What is an Assault and Battery Crime in Fort Lauderdale & South Florida? South Florida Attorney Explains
There are numerous types of assault and battery crimes in Florida.
An assault crime in Florida is defined as “an intentional, unlawful threat by word or act to do violence to the person of another, coupled with an apparent ability to do so, and doing some act which creates a well-founded fear in such another person that such violence is imminent.”
An assault charge becomes an aggravated assault in Florida if it involves the use of a deadly weapon.
A battery crime under the Florida statutes is defined as “intentionally touches or strikes another person against the will of the other or Intentionally causes bodily harm to another person.”
To be charged with a battery it must be an intentional act - meaning the defendant had to have known their actions would have resulted in the strike or touch of another person. If the defendant accidentally stuck or touched the victim, then a battery crime did not occur.
Someone can be charged with a battery crime, however, even if the victim does not suffer from bodily injuries.
The actual touching between two or more individuals does not have to take place for a person to be charged with battery. As the defendant makes contact with a victim with something - anything, really - it could be considered a battery crime.
There are distinct types of assault and battery crimes that have unique definitions and consequences and penalties such as simple battery, or assault or aggravated assault or aggravated battery crimes.
Consequences may be more or less harsh depending on the specifics of the crime allegedly committed.
Generally speaking, Assault crime penalties and consequences in Florida vary.
- Simple Assault in Florida can include up to 60 days in Jail, 6 month probation and $500 in fines.
- Aggravated Assault in Florida can result in 5 years prison or probation, and up to 209 years in prison if a firearm was used. Fines can also range up to $5,000.
Battery crime penalties and consequences in Florida also vary.
- Simple Battery can include up to 1 year in jail, 1 year probation and fines up to $1,000.
- Even a simple battery on a police officer becomes a felony because of the fact that the victim is a law enforcement officer - instead of 1 year possible prison / probation, it becomes 5 years possible and the fines jump to $5,000 possible.
- Felony / Aggravated Battery can result in 5 years in prison or on probation up to 15 years in prison or on probation and up to $5,000 or $10,000 in fines.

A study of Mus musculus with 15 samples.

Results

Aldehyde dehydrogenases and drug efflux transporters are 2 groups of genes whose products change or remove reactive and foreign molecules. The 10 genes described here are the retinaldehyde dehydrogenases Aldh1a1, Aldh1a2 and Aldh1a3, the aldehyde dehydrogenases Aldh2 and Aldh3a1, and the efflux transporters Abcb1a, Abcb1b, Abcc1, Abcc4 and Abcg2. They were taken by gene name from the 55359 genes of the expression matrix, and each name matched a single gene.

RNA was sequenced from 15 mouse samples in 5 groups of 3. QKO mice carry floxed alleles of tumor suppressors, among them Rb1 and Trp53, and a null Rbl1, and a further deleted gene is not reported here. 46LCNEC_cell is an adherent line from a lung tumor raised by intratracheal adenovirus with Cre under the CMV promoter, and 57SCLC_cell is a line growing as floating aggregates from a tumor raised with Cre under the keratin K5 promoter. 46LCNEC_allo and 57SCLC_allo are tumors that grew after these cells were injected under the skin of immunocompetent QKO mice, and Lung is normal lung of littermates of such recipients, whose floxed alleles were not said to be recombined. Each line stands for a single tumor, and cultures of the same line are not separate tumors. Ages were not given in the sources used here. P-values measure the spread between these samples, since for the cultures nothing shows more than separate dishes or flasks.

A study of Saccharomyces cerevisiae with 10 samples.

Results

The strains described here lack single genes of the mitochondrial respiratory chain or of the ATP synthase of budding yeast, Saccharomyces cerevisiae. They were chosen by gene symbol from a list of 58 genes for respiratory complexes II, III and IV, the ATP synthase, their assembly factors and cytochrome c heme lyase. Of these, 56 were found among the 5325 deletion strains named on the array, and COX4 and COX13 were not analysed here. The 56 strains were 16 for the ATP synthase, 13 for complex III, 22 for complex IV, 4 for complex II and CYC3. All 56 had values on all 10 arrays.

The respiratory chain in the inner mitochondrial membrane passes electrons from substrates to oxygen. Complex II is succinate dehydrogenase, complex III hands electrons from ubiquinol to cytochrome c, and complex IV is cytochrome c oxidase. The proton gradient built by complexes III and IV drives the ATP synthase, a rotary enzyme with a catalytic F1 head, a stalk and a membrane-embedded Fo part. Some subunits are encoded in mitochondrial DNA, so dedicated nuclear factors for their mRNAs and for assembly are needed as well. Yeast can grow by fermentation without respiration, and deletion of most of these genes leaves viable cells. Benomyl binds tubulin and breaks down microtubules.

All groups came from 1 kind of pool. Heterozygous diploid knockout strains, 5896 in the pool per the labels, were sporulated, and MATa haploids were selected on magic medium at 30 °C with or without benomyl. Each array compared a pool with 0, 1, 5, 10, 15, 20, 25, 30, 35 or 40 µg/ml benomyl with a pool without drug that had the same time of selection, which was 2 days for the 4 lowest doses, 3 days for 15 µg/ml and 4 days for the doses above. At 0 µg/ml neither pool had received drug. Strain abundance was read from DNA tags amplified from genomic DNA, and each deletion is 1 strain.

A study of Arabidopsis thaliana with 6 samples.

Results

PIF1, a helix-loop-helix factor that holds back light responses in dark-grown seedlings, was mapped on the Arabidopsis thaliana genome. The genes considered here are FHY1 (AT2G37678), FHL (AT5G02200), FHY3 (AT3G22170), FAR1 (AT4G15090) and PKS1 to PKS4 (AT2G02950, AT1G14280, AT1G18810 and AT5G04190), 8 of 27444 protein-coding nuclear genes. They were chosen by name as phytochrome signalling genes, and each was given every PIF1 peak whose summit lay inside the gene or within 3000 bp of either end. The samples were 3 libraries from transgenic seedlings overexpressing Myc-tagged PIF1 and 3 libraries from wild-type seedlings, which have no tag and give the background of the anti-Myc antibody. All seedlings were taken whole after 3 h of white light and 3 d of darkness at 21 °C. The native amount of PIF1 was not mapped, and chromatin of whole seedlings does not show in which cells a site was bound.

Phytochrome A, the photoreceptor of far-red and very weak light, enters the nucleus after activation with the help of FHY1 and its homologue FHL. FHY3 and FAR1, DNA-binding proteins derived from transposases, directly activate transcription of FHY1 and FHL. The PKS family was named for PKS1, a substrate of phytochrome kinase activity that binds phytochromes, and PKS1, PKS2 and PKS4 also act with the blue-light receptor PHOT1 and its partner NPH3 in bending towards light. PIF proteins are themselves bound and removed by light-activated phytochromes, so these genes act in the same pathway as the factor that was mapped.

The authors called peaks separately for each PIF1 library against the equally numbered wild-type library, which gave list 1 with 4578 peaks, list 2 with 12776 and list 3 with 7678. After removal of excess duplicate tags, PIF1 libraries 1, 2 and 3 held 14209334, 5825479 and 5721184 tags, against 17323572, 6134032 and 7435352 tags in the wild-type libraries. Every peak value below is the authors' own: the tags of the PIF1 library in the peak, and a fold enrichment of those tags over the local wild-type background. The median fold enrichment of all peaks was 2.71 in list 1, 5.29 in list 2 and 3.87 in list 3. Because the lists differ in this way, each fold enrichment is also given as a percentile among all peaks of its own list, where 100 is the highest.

- If Firearms are involved or fired, prison terms go up to 10, 15, 20 and even 25 years in some cases.
When it comes to domestic assault or domestic battery, there are also unique elements and consequences.
Domestic assault or battery has the same legal definition as an assault or battery crime. The difference is that the crime is committed by a partner, dating partner, family member or someone in your household. This can include marriage spouses, children, ex-wives and ex-husbands, parents, or people who have a child together regardless of the status of their past relationship.
Domestic Assault and Domestic Battery carry harsher penalties in Florida than other assault and/or battery charges.
→ RELATED: FREE Domestic Violence booklet that helps you navigate your charge and the legal system in Florida
If you’ve been charged with Assault or Battery in Florida, here are a few examples of defenses an attorney may be able to employ to help defend you and protect your rights:
- Self Defense: The defendant could have been exercising self-defense to protect themselves against another person.
- No intention: The defendant had no intention of hitting the victim; contact with the alleged victim happened by accident.
- Consent: Consent was given to the person to touch the victim. The contact between the defendant and the victim was not against the victim’s will. For example - a fist fight that two people agreed to.
- It’s Mutual: Mutual combat between both the defendant and the victim.
- Element of Doubt: There is reasonable doubt that the defendant is guilty of assault or battery.
- Who Done it?: It could be a case of mistaken identity and the victim wrongly identified the person that assaulted them.
- Credibility issues: A witness or the victim could be lying about who committed the assault, especially if they may have a motive of some kind.
- Alibi: The defendant has an alibi during the time the assault or battery took place so it is difficult - or impossible - to place them at the scene of the crime or accuse them of committing the crime.